Friday, February 09, 2007


The New York City Department of Education hired Chris Cerf as a deputy schools chancellor last December. Mr. Cerf is a former president of commercial school operator Edison Schools and he's been a little vague on just how much stock he still owns in Edison:

Mr. Cerf, who was named a deputy chancellor in December after working as a consultant to the city’s Education Department for about a year, had owned Edison shares that could have been worth as much as $6.7 million by 2008, according to company filings with the Securities and Exchange Commission. Mr. Cerf described that figure yesterday in an interview as “1,000 percent speculative.”

Mr. Cerf, one of a number of consultants enlisted by Schools Chancellor Joel I. Klein in recent years to help redesign the nation’s largest school system, did not disclose to parents that he had given up his shares less than 24 hours previously when he appeared yesterday before their group, the Chancellor’s Parent Advisory Council.

Asked by Tim Johnson, the group’s chairman, to describe his financial interest in Edison Schools, he replied, “I’d be delighted to do that,” adding: “I have no financial interest in Edison of any kind. Zero.”

When Mr. Johnson persisted, asking, “Can we ask when you divested yourself of Edison stock?” Mr. Cerf said he would be “delighted” to give Mr. Johnson a copy of financial disclosure forms he said he was required to file as a public employee. “That will answer all of your questions, and that’s what I’m prepared to say today,” he added.

Mr. Klein, who spoke at the meeting after Mr. Cerf, said simply that “he is divested.”

How's that for Cerf being open and honest about his financial stake in his old commercial schools company which continues to do substantial business with the NYC DOE through a subsidiary?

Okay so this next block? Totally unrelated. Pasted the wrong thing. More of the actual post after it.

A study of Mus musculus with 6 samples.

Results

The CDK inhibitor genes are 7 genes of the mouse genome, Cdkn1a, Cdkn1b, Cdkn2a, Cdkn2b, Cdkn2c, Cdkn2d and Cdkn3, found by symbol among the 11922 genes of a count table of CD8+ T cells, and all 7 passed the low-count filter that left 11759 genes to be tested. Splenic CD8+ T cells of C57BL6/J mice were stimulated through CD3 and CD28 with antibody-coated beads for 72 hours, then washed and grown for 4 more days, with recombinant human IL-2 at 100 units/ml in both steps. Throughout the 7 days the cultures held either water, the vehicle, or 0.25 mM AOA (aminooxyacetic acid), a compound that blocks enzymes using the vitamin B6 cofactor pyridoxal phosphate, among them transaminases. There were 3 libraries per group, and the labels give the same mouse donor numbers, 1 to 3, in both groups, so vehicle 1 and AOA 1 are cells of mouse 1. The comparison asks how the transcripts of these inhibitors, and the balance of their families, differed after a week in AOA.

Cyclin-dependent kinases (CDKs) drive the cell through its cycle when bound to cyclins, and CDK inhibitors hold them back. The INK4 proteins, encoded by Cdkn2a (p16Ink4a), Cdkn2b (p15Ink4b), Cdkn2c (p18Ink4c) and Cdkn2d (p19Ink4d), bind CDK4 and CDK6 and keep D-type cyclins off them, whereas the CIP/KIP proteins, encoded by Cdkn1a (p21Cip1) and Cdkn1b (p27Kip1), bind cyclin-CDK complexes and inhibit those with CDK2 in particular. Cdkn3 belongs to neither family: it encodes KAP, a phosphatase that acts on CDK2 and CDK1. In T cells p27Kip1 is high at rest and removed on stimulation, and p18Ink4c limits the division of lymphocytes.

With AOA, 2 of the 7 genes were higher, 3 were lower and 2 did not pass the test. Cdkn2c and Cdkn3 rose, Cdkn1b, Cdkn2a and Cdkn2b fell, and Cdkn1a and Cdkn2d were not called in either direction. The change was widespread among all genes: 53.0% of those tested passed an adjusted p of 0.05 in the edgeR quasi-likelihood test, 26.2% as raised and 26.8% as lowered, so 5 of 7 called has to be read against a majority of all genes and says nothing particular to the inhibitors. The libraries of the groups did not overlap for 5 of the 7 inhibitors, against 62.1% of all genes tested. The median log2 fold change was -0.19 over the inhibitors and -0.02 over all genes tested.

In many places, such relationship would be called a "conflict-of-interest" and Mr. Cerf would be criticized for being so slippery and vague about his continued financial stake in Edison Schools.

But not in Mayor Bloomberg's New York City and not in Joel Klein's Department of Education where the motto is always "No Crony Left Behind."

The old Board of Education certainly used to operate that way and Bloomberg and Klein were rightfully critical of the old ways of doing business in the school system.

But given the no-bid contracts they've doled out to campaign supporters, the cronies from the business world lacking in any education experience they've hired to run everything from the principals' academy to the school regions, and the blatant push to privatization that has allowed Bloomie and Klein to hire management personnel for the DOE who have a financial stake in privatizing the system, it seems to me that the new Department of Education is just as corrupt and full of cronyistic shenanigans as the old Board of Education.

The only change is the old BOE was pretty open about just how crooked they were. These new guys are sanctimonious assholes who want you to think every move they make is "for the kids" while they hand out no-bid contracts, cushy jobs to campaign supporters and business cronies with conflicts-of-interest, and push the system toward privatization that is going to make both their associates and themselves a helluva lot of money.

I believe he divested himself of that stock just the day before he announced it, though he started working for Klein in October 06.

I don't think Edison schools will be worth a whole lot in the future, as it's more likely they'll simply change their name to "NYC Department of Education.
Good point, nyc.

In your criticisms of Christopher Cerf, you seem to say that if his hiring results in a contract between the DOE and Edison Schools, it won't ruffle your feathers as long as he's not a stockholder in Edison. But it will upset you if he owns stock in Edison.

In other words, you don't question the basic premise that the DOE needs major improvements. You only care if one particular person profits if Edison stock rises as a result of a contract with the DOE.

Yeah, that really shows your interest in the kids.

If you believe Edison will get a fat contract from the DOE and you believe the contract will send the stock price higher, why not buy the stock?

Meanwhile, given the years of declining results in the NY public school system, on what basis do you conclude that an affiliation with Edison will drive results even lower?

Are you just guessing, or do you know anything about the realities of their academic strategies?